Nurses in Bradford have recently been named Team of the Year, partly thanks to a new, national nursing leadership programme.
Led by ward manager, Paul Rafferty, the team at Bradford Teaching Hospitals NHS Foundation Trust beat five other teams to win the award, and with it, £5,000 to be ploughed back into their work, thanks to sponsorship by Sovereign Health Care.
Paul Rafferty is currently on the nursing and midwifery frontline leadership programme run by the NHS Leadership Academy.
Paul said his team’s achievements are thanks to the leadership programme, which “focuses on developing high quality leaders who are committed to delivering the best care for patients.”
He said: “From participating on the frontline leadership programme, I knew the skills I developed would help me lead the service, and care in the NHS based on the core values of the NHS and constitution.
This means I can improve patient care and motivate the team to think outside the box to improve patient experience; realising that the environment is normal for them but alien to patients and therefore enhance care and compassion.”
The team won the prize for a campaign based on NHS Chief Nurse, Jane Cummings’ six C’s strategy of care, compassion, competence, communication, courage and commitment – which is designed to set a strong direction for nursing and improve patient care.
Paul said: “The team communicates more than ever, which means we can support each other in delivering the best possible care for our patients on the ward.
“This award is a testament to the hard work of my team and to providing seamless, excellent care to our patients.”
“We took the guidance from Jane Cummings and what I’d learnt on the leadership programme and have made some major changes. A key behaviour we improved on is listening – not always speaking, but actively listening and reflecting on situations. I’ve enhanced the skill to pause and reflect on my reactions to situations.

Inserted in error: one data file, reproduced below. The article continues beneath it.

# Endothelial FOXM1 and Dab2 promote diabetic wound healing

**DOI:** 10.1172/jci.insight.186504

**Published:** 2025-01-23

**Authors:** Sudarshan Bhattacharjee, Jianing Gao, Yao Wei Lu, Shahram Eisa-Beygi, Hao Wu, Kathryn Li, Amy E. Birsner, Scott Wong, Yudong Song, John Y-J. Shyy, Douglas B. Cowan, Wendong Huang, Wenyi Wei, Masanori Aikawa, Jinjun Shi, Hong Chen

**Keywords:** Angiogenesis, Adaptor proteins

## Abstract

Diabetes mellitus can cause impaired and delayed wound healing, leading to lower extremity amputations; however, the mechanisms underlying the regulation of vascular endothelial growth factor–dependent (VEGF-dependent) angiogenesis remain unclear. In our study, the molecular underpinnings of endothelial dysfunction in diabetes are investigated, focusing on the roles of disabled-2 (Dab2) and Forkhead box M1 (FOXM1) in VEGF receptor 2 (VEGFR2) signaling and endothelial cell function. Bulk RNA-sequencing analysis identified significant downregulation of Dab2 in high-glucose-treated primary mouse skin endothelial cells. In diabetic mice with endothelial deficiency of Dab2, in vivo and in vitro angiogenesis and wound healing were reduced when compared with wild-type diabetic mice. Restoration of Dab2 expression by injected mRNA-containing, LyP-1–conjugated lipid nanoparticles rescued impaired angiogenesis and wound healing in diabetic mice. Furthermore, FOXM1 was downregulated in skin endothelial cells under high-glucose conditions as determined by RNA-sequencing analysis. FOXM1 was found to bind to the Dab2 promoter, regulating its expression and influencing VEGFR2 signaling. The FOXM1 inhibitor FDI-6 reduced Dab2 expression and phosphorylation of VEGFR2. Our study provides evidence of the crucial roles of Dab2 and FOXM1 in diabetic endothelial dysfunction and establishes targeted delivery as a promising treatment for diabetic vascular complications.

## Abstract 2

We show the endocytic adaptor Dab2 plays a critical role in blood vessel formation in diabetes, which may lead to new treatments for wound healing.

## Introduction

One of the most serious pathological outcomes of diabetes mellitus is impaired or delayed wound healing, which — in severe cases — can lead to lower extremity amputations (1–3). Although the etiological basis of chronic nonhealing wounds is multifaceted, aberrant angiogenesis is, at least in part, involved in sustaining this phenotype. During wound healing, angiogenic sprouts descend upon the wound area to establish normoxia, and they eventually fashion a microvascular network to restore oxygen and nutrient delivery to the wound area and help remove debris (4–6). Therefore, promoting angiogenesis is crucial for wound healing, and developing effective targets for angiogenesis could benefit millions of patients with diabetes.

“It’s important for me to combine the leadership experience with business skills to keep the patient at the heart of everything me, and my team do.”
In the past year, the team has succeeded in making dramatic improvements on the busy ward, which also acts as a regional specialist centre for plastics and maxillofacial surgery.
On average up to 15 patients needing this type of specialist, and often complex care, are admitted and discharged on ward 19 every day.
Dr David Ashton, the Academy’s head of practice, said: “I’m really pleased to hear Paul has enjoyed the programme and has taken the learning back to his team. This is proof that good leadership makes a difference to patient care.
“Part of our core programmes, the frontline leadership course focuses on those nurses and midwives who not only directly deliver patient care but are responsible for their own teams in whichever setting they work, whether it be in public health, a GP practice, hospital or community setting.
“At the NHS Leadership Academy we are absolutely committed to the view that leadership really does start on the frontline – and our frontline leadership course is designed to help our band 6 and 7 nurses and midwives understand their approach and supports them to understand the impact that they can make on patient care as an individual and as part of a team.”
The course, which follows the Senior Operational Leaders Nursing and Midwifery programme and includes elements of the NHS Top Leaders programme, includes a three day residential and consists of practical group work on understanding the culture of the NHS and each individual’s approach within that. Attendees are representative of the fourteen regions in the country to ensure a consistency of approach across all areas in the UK.
Paul will also soon begin the Elizabeth Garrett Anderson programme, run by the NHS Leadership Academy. Leading to an MA in healthcare leadership, the intensive programme provides the skills to drive and sustain real change – building a culture of patient-focused care at a wider departmental or functional level.